Introduction The Egr familly (Early Growth Respone Genes) of zinc finger transcription factors, which consists of four members; Egr-1, –2, –3 and –4, have been proved to have dynamic functions in the regulation of cell growth and the immune responses.Moreover, in a number of malignancies-which is a cell growth and immune related process- it seems that Egr1 and 2 induce apoptosis leading to the inhibition of the tumour growth. The present study was designed to answer the question whether colon cancer cells undergo apoptosis when the EGR genes are exogenously introduced and if the presence of a mutant p53 can affect this apoptotic pathway.
Methods Two cell lines deriving from human colon cancer; one p53 negative (DLD1) and another p53 positive (HCT116) were transfected with Egr-1, –2 and –3 and a fluorescent protein which was the marker of the transfection. The transfected cells were incubated for 48 hours. Flow cytometry was used to create a pure population of transfected cells and 24hours later these cells were examined in the fluoroscopic microscope and compared with the controls.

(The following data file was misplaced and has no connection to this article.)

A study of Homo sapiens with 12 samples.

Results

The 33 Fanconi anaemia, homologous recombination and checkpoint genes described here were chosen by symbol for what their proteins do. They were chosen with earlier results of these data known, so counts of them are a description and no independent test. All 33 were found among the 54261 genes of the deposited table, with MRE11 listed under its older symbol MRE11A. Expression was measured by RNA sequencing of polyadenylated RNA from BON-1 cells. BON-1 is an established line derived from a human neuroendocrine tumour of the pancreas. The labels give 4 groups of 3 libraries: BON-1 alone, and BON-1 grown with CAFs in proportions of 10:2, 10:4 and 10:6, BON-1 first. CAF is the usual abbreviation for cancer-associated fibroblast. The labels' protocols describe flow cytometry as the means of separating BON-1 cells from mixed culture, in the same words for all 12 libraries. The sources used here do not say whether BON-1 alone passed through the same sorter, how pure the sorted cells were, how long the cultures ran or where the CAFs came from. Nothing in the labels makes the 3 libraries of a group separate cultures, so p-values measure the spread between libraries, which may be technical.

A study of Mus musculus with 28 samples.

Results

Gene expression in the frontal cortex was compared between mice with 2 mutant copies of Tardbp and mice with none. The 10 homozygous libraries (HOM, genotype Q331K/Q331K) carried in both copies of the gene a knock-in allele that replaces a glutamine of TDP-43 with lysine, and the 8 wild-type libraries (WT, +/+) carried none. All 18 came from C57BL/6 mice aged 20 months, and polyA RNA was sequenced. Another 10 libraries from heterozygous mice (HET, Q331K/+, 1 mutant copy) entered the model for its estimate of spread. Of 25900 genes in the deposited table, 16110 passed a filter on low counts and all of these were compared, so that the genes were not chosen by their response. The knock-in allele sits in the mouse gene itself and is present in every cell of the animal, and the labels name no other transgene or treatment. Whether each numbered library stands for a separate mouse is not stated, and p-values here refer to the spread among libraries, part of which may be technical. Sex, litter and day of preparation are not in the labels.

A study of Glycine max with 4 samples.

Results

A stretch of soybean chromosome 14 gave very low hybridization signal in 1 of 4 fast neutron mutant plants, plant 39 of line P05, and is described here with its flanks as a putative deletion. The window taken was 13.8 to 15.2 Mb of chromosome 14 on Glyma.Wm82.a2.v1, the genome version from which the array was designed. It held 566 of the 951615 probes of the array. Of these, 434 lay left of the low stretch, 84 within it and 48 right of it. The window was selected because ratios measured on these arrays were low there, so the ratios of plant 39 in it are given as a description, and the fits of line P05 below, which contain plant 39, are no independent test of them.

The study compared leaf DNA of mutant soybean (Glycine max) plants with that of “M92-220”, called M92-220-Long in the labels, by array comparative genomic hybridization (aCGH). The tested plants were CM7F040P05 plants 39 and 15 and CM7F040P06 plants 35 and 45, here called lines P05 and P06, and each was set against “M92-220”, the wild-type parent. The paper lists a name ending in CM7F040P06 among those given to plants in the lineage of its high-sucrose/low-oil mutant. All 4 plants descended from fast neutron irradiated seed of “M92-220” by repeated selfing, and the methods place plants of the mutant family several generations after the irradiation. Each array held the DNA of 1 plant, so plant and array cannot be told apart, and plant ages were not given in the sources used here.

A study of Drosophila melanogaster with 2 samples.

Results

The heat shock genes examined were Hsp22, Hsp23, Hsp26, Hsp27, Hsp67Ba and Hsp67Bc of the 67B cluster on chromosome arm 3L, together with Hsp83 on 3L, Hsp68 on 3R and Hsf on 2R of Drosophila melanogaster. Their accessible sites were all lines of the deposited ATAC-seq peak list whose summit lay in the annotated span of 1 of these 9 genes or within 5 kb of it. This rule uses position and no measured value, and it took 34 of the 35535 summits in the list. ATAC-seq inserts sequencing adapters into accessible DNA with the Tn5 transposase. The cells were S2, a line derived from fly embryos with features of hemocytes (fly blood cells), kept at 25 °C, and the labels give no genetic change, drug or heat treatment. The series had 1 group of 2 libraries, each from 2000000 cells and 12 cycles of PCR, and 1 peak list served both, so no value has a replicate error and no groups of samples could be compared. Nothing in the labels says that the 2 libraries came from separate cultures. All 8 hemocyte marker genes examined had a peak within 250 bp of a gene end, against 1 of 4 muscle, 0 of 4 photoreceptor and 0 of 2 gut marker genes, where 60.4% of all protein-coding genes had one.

Results We found that all three Egr members can suppress tumour cell growth suggesting that the function of Egr in the control of cell growth is not associated with the function of p53. In addition to the growth arrest, the transfected cells changed morphology to round shape indicating of senescence.
Conclusion This may suggest that Egr molecules are important to control the unwanted growth in response to malignant transformation. Our results not only demonstrated an important function of Egr molecules and also indicate the therapeutic potential for the treatment of tumour.
Disclosure of Interest None Declared.
Statistics from Altmetric.com
If you wish to reuse any or all of this article please use the link below which will take you to the Copyright Clearance Center’s RightsLink service. You will be able to get a quick price and instant permission to reuse the content in many different ways.